It’s true: Aging means changing some things in your life. As your body starts to feel the toll of all the years of use and abuse from sports, you might not feel like a spring chicken anymore. Your days of feeling invincible may be numbered and your body may not be as forgiving as when you were younger. The usual stiffness and aches and pains from physical activity may linger longer and there may be no catalyst for some of that pain. But, that doesn’t mean that you have to hang up your athletic shoes quite yet. Staying active in age doesn’t mean trading your running shoes in for walking shoes.
Today, more people than ever before are running marathons well into their 70s. They’re picking up sports like CrossFit, triathlons, even long-distance cycling. As you age, your body handles physical stress differently. However, that doesn’t mean you’ll be stuck in a chair. It means listening to your body and adapting your training and activity to how you feel.
Switch To Shorter More Intense Workouts
Assuming you’re in shape and pretty physically active, you can switch from longer workouts to shorter but more intense ones. For example, if you’re accustomed to long runs, try sprinting or intervals instead. Hour-long weightlifting sessions could be shortened to 20 minute-sessions that are more intense. Really, this has everything to do with listening to your body. If the longer workouts are too much for you (i.e. they’re leading to more pain and injury), then it’s time to switch to shorter workouts. After all, you wouldn’t want to have to give up an activity because of an injury.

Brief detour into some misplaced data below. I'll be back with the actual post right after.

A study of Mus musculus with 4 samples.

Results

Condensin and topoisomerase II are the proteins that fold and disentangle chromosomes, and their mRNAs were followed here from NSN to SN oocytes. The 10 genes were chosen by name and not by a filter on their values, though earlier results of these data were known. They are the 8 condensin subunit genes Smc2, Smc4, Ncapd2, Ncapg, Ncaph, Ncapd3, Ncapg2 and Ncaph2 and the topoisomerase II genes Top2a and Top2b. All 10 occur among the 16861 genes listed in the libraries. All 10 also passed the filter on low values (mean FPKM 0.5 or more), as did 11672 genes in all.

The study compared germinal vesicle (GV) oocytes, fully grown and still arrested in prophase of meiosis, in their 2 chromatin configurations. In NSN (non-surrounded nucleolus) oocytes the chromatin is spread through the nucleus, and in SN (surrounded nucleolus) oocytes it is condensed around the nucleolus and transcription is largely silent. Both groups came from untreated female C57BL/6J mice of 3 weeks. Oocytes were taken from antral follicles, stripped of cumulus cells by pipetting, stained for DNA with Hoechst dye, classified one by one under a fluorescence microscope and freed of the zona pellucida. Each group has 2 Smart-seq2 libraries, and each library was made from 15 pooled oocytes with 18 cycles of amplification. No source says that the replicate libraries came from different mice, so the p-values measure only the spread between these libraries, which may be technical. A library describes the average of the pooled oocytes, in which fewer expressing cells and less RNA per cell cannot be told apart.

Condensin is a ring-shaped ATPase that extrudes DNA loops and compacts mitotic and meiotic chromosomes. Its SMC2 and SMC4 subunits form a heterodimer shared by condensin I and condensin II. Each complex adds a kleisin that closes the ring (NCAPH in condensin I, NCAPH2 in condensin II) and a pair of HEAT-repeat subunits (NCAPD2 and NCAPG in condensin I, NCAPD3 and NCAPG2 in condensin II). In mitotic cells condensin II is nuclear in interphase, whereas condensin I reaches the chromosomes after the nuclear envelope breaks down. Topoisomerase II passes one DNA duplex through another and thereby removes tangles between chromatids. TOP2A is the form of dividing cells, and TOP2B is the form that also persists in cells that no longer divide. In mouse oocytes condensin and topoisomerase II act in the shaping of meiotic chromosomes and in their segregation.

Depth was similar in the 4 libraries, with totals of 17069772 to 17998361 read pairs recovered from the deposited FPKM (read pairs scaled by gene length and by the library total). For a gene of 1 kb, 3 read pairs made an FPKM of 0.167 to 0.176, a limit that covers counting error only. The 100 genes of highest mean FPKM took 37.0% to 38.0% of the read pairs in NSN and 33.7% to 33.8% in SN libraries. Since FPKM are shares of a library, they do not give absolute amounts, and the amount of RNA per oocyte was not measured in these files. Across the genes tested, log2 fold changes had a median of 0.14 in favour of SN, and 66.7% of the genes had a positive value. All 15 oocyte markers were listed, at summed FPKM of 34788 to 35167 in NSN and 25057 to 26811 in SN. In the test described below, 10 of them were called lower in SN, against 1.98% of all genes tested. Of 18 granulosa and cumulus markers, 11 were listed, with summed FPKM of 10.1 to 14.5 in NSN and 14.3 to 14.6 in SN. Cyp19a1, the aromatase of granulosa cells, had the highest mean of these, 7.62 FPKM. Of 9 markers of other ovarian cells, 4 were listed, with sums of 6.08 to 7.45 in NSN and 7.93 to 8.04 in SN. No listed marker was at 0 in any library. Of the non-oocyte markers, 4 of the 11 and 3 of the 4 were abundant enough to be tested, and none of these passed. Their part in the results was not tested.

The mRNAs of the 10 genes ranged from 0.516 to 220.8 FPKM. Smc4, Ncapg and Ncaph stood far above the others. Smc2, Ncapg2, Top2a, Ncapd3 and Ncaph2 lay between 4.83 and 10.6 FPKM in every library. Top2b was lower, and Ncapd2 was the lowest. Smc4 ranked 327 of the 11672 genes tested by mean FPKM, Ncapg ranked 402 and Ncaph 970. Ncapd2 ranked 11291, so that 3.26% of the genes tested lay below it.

Staying Active In Age Means Longer Recovery Times
It bears repeating again – Recover. We stress all the time how important it is to give your body ample time to recover. Yet, so many people take this for granted, until they show up for physical therapy because of pain and injury. As you age, your body definitely needs more time to recover. Your muscles begin to decrease in density, which means your body is working harder to support the stress from activity. This is the primary reason you need longer recovery times. Of course, this doesn’t mean days on end of doing nothing but sitting on your couch. It does mean varying your training – especially in intensity – so that you give your overused muscles a break.
For example, if you’re a runner, switch it up with swimming or cycling more often than you use to do in your younger years. If you do CrossFit, try adding in yoga or Pilates more often. And, of course, take frequent and as needed rest days. It’s not the worse thing in the world to skip a workout if you can hardly get out of bed. It would be the worse thing in the world to push yourself to injury. Do yourself a favor and take a break if you need it.
Build A Balanced Workout Routine
You might have been able to get away with just running or cycling or swimming in your younger years. However, doing just one sport all the time now in age puts you at higher risk of an injury. We recommend have varied and balanced workouts even when you’re young as variety keeps you injury-free. This is even more important the older you get. You should focus on strength training just as much as cardio; balance just as much as coordination, and power just as much as flexibility.
Physical Activity And Growing Older
Everyone knows the importance of physical activity. Yet, many people find it harder to remain active as they grow older. It’s partly because it takes more effort and partly because life becomes more demanding. However, physical activity helps you age more healthily and it can help prevent many injuries and even surgery. It helps you maintain strength for independence. It promotes mental health, improves heart health, and keeps you energetic throughout the day.